Lamps containing Krypton 85 (Kr-85)
About 2% of the lamps sold on the European market contain low levels of radioactive material. The radionuclides in these lamps are tritium (H-3), Krypton 85 (Kr-85) and isotopes of thorium (Th-228 and Th-232). The manufacturing, transport and disposal of these lamps are covered by regulations aimed at minimising the hazard that radioactivity may potentially pose to human health.
Krypton gas containing Kr-85 is used as a starting aid in High Intensity Discharge lamps and electrodeless induction lamps and is generally mixed with argon and/or neon. Public Health England (formerly known as the UK Health Protection Agency) have produced an interesting report titled “Assessment of the Radiological Impact of the Recycling and Disposal of Light Bulbs Containing Tritium, Krypton-85 and Radioisotopes of Thorium” if you want to learn more about this subject area.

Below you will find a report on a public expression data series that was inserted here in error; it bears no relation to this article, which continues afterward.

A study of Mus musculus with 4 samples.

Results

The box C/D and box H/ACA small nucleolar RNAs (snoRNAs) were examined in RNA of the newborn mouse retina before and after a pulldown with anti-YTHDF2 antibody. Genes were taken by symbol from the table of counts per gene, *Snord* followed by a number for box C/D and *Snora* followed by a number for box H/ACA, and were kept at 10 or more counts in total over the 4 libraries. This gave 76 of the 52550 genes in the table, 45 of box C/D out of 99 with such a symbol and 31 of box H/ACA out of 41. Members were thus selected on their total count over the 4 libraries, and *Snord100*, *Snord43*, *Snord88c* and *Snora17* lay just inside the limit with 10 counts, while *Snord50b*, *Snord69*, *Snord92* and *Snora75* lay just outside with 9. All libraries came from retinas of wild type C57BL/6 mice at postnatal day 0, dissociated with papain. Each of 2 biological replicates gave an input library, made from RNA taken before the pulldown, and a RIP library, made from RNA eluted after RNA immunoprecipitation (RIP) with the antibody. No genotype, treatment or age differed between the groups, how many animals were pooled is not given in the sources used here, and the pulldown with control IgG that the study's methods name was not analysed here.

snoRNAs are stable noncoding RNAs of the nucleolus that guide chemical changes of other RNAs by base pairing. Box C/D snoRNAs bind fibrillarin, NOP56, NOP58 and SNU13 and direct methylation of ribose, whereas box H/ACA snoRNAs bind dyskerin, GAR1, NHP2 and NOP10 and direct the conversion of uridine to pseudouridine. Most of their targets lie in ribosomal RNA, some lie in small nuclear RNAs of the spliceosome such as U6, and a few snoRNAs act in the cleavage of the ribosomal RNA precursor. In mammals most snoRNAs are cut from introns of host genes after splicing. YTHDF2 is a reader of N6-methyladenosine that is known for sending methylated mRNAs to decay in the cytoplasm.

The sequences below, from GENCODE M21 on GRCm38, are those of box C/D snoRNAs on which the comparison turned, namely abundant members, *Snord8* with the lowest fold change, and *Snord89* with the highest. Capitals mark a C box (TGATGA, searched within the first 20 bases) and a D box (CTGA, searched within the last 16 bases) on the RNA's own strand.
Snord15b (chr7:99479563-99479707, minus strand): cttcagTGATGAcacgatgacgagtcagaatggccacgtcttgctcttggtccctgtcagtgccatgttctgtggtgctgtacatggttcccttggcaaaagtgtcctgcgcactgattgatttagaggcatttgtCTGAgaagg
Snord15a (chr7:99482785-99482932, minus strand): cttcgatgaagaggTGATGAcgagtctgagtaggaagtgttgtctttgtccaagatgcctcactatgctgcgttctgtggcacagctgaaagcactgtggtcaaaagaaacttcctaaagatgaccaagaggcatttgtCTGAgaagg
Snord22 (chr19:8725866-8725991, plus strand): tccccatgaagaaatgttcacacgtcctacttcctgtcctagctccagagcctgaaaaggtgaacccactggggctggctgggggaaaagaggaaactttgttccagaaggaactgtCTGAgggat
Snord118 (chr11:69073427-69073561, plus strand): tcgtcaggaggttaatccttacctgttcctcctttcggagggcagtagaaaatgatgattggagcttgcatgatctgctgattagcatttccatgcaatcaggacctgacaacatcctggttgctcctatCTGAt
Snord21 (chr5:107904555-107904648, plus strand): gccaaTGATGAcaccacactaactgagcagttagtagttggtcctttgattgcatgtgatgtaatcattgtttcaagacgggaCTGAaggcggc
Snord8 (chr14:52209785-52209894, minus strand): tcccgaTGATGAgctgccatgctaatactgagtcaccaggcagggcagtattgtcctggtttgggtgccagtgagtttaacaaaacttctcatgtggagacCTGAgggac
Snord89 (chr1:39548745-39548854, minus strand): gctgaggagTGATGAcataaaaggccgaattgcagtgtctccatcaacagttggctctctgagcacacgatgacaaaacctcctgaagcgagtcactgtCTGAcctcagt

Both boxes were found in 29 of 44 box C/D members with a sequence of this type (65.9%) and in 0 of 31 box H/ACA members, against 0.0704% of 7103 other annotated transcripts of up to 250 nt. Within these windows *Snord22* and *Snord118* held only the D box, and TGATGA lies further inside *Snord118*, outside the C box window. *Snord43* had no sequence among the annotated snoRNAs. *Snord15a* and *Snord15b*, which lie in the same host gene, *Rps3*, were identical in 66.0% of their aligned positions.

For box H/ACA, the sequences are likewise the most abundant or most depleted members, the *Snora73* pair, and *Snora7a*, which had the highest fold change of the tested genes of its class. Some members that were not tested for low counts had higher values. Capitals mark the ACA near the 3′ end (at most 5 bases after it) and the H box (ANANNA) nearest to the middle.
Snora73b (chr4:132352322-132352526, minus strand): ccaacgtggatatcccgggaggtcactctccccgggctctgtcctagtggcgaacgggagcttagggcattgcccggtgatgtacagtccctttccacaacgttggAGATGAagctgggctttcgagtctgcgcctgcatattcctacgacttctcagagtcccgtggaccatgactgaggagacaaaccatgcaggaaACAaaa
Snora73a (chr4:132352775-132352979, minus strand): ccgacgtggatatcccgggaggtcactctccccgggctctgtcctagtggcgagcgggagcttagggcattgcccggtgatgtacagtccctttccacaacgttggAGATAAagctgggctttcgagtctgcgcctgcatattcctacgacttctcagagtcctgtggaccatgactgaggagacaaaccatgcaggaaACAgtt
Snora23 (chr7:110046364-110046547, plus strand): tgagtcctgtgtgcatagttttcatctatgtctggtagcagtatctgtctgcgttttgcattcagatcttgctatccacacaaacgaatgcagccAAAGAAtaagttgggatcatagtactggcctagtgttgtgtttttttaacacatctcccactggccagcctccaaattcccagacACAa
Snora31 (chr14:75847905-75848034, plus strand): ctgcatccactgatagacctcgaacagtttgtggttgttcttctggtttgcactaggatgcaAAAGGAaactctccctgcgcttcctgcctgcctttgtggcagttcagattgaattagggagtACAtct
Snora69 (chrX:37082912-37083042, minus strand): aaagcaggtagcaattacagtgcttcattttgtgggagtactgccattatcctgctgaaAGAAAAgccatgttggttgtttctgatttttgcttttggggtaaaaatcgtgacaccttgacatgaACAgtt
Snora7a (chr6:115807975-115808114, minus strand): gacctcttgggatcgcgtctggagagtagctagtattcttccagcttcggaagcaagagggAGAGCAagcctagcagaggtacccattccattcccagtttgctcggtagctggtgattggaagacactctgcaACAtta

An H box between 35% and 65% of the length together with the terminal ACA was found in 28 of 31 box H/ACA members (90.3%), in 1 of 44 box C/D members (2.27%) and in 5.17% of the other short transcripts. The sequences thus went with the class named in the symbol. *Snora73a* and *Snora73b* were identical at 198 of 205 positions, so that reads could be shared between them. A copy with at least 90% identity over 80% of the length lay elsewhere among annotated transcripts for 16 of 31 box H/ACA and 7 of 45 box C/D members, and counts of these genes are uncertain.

The Health and Safety Executive (HSE) has put in place an exemption from the requirement to perform a prior notification of specified work under the Ionising Radiations Regulations 1999 where the only work with ionising radiations is the handling, use, holding, storage, transport and disposal of lamps containing Kr-85.
This exemption is conditional and only applies where the total radioactive content of Kr-85 in lamps at premises under the control of the radiation employer or in a vehicle under the control of the radiation employer is 200 MBq or less (<2E+08 Bq Kr-85). 200 MBq Kr-85 equates to about 40,000 lamps so if you only have a few Kr-85 lamps then the exemption is likely to apply to your business.
A copy of the exemption certificates covering the UK are available below:
- “The Ionising Radiations Regulations 1999 Certificate of Exemption No 1 of 2013”
- “The Ionising Radiations Regulations (Northern Ireland) 2000 Certificate of Exemption No 1 of 2013”
If you require any further information on this topic area then please feel free to contact us.